On New Year’s Day, our very first day in Jerusalem, we went to the center of the city to get cellphones. While we were in the cellphone store, we heard the banging of drums and people chanting. My daughter asked what was happening. We went outside and saw about about 75-100 people marching down the pedestrian mall with banners and signs protesting the eviction of three Palestinian families from Sheikh Jarah whose four houses are now occupied by Jewish settlers.
Their dispossession is part of an effort by the Israeli authorities to settle Jews in the midst of Palestinian neighborhoods: Silwan, Ras el Amud, Sheikh Jarah and others. These actions, along with home demolitions, denial of residency rights, the unequal distribution of municipal services, are all designed to make it difficult for Palestinians to live in Jerusalem and encourage them to leave. The goal of these discriminatory practices is to deal with “the demographic issue,” a racist formulation term freely by liberal Jewish and Israeli groups, that there are too many Palestinians compared to Jews and that their rate of growth exceeds that of the Jewish population. These efforts to restrict the growth of the Palestinian population in Jerusalem complements the building of vast new Jewish neighborhoods around Jerusalem (Gilo, French Hill, Givat Zeev, Har Homa and others) and according privileges and benefits to Jews who make aliya, immigrate to Israel.
The protesters were marching from HaMashbir, the main department store in the center of Jerusalem, to Sheikh Jarah in East Jerusalem. I was inspired by their courage. They were well organized and their action brought the reality of the dispossession in Sheikh Jarah in East (Arab) Jerusalem into the centre of (Jewish) city. The pedestrian mall (midrochov) is always bustling with people, Israelis, and many American tourists and young people on Birthright and other such trips, having a great time in Israel, blissfully unaware of the discrimination and the ethnic privilege that allows us and them to enjoy the stores, restaurants and coffee shops of the Jewish city.
It is four weeks since this experience on our first day in Jerusalem but since then the protesters have continued their weekly protest. They are no longer allowed to march through the city as the Jerusalem police have rejected their request for a permit. Their protest, confined to an area on the outskirts of Sheikh Jarah, is legal as long as there are no speeches, as the police not only deny them a right to march through the city but also deny their application for a permit for a legal protest. The issue now is not only the forced eviction of Palestinian families but also the right to free speech.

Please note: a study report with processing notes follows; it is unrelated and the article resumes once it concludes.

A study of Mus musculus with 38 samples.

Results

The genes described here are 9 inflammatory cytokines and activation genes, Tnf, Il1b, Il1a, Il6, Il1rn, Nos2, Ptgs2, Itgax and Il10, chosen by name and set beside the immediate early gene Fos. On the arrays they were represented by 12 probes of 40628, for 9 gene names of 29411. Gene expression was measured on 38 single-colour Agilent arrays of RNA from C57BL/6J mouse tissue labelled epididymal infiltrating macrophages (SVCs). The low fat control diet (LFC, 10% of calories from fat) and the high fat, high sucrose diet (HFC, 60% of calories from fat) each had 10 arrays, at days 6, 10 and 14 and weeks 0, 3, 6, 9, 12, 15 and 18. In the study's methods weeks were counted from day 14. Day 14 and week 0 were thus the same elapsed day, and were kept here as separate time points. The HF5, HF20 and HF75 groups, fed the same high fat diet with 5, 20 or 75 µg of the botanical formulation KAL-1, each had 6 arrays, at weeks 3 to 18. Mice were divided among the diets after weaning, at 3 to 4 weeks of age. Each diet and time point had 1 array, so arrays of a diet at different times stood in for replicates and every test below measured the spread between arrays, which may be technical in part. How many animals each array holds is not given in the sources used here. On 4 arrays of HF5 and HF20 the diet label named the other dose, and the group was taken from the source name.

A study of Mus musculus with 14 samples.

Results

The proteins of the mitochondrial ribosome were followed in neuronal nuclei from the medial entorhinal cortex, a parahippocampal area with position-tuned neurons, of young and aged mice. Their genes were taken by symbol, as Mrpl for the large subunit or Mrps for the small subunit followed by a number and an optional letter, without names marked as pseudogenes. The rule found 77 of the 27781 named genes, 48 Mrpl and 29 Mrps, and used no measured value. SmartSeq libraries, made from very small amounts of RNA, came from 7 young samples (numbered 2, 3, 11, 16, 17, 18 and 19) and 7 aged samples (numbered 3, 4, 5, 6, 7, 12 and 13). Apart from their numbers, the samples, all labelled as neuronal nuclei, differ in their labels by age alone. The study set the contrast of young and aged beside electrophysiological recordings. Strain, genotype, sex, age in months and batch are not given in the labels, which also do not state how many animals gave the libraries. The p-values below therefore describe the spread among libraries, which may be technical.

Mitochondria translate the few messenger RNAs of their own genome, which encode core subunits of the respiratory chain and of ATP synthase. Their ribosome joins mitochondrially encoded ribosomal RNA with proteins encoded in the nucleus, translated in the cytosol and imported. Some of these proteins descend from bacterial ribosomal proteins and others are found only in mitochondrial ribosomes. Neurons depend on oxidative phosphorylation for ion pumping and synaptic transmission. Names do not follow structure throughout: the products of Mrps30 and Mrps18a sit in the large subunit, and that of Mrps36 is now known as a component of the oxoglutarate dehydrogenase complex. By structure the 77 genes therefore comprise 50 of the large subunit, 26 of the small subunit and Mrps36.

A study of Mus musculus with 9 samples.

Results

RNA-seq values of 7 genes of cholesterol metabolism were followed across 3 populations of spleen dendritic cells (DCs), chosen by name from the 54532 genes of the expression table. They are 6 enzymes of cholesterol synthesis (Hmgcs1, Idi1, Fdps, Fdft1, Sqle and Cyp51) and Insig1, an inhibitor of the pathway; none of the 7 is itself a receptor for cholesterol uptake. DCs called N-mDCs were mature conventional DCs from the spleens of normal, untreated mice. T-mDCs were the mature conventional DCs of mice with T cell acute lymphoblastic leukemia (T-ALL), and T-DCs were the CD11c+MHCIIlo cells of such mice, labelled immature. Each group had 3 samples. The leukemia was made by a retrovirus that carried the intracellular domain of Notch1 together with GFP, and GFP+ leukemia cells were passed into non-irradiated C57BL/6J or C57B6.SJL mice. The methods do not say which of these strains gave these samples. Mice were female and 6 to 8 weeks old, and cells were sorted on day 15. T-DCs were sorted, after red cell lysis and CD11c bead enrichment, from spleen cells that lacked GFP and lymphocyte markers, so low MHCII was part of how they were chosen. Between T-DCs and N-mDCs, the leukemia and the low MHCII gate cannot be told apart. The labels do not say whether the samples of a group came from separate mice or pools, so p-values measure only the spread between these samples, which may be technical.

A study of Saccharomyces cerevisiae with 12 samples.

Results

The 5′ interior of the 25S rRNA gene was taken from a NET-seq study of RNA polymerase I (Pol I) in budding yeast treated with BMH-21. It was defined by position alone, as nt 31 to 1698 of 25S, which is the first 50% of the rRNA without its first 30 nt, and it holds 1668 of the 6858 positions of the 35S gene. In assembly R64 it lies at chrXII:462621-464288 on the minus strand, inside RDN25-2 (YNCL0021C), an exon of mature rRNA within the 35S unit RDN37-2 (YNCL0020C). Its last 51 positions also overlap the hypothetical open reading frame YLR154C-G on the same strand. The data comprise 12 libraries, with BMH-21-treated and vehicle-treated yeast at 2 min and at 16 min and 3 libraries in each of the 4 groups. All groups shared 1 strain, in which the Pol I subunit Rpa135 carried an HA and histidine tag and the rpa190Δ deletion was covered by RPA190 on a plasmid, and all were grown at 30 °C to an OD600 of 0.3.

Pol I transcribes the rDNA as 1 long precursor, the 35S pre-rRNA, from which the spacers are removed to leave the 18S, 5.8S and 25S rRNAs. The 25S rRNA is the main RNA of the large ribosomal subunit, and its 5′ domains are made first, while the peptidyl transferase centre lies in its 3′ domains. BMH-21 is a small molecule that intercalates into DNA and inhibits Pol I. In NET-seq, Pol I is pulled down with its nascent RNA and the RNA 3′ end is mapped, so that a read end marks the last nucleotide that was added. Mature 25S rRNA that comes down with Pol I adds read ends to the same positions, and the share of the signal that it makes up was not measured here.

At the weekly protest two weeks ago, the police arrested over 20 protesters, including the executive director of the Association of Civil Rights in Israel, and last week they arrested some 20 protesters. Thus hundreds of Israeli police are deployed to protect settler families, who, with the full support of the State, have dispossessed three Palestinian families, creating fear and insecurity in the entire neighborhood. In addition, the police deny the Palestinian residents of the town and even Jewish Israelis a permit to hold a demonstration in the neighborhood and arrest those who assemble on the outskirts of the neighborhood in perfectly legal expression of free speech!
I, like many others, shocked by the arrests of protesters the previous week attended the protest last week. The protest was the largest so far and a few of the leaders of mainstream Zionist left: Yossi Sarid, Avrum Burg, Moshe Halberthal and others, were at the event. Jeremiah Haber wrote an interesting blog post (read the comments as well) suggesting that Sheikh Jarah may mark the rebirth of the Zionist left protest movement. A Palestinian (Israeli Arab) member of the Knesset was the only Knesset member present.
The core of the issue in Sheikh Jarah is the same as other realities that I described in my recent posts on Hebron and the illegal outpost. Israel, as a country, is a state that privileges the rights of Jews over that of non-Jews. The only real solution is to re-envision Israel as a state of all its citizens, whether within the context of a two state solution or any other political framework. As many activists here say, “Israel is a democratic state for Jews and Jewish state for Arabs”. The systematic privileging of Jews over non-Jews is something Jews and Israelis have not yet acknowledged. There is no such thing as a Jewish and democratic state. You have to choose between them and Israeli policy is the harsh application of the choice of having a Jewish state rather than a democratic state. Jewish liberals, myself included, would prefer to avoid this challenging discussion but I don’t think we can avoid it any longer.
Lastly, as Yossi Sarid points out in an article in HaAretz, the assertion of the rights of Jews to return to homes that they may have owned before 1948, opens the gates to claims by thousands of Palestinians to their homes in Katamon, where my family is now living, and in many villages and towns all over Israel. Unless the discriminatory practice is applied in this instance as well and it is only Jews who can claim land they owned before 48 and the same rules do not apply to Palestinians!
For detailed background see “Why they are really demonstrating in Sheikh Jarah” on the Ir Amim website.
If you want to read another report of the demonstration, you will find this article interesting.
This afternoon will be the next weekly demonstration in Sheikh Jarah.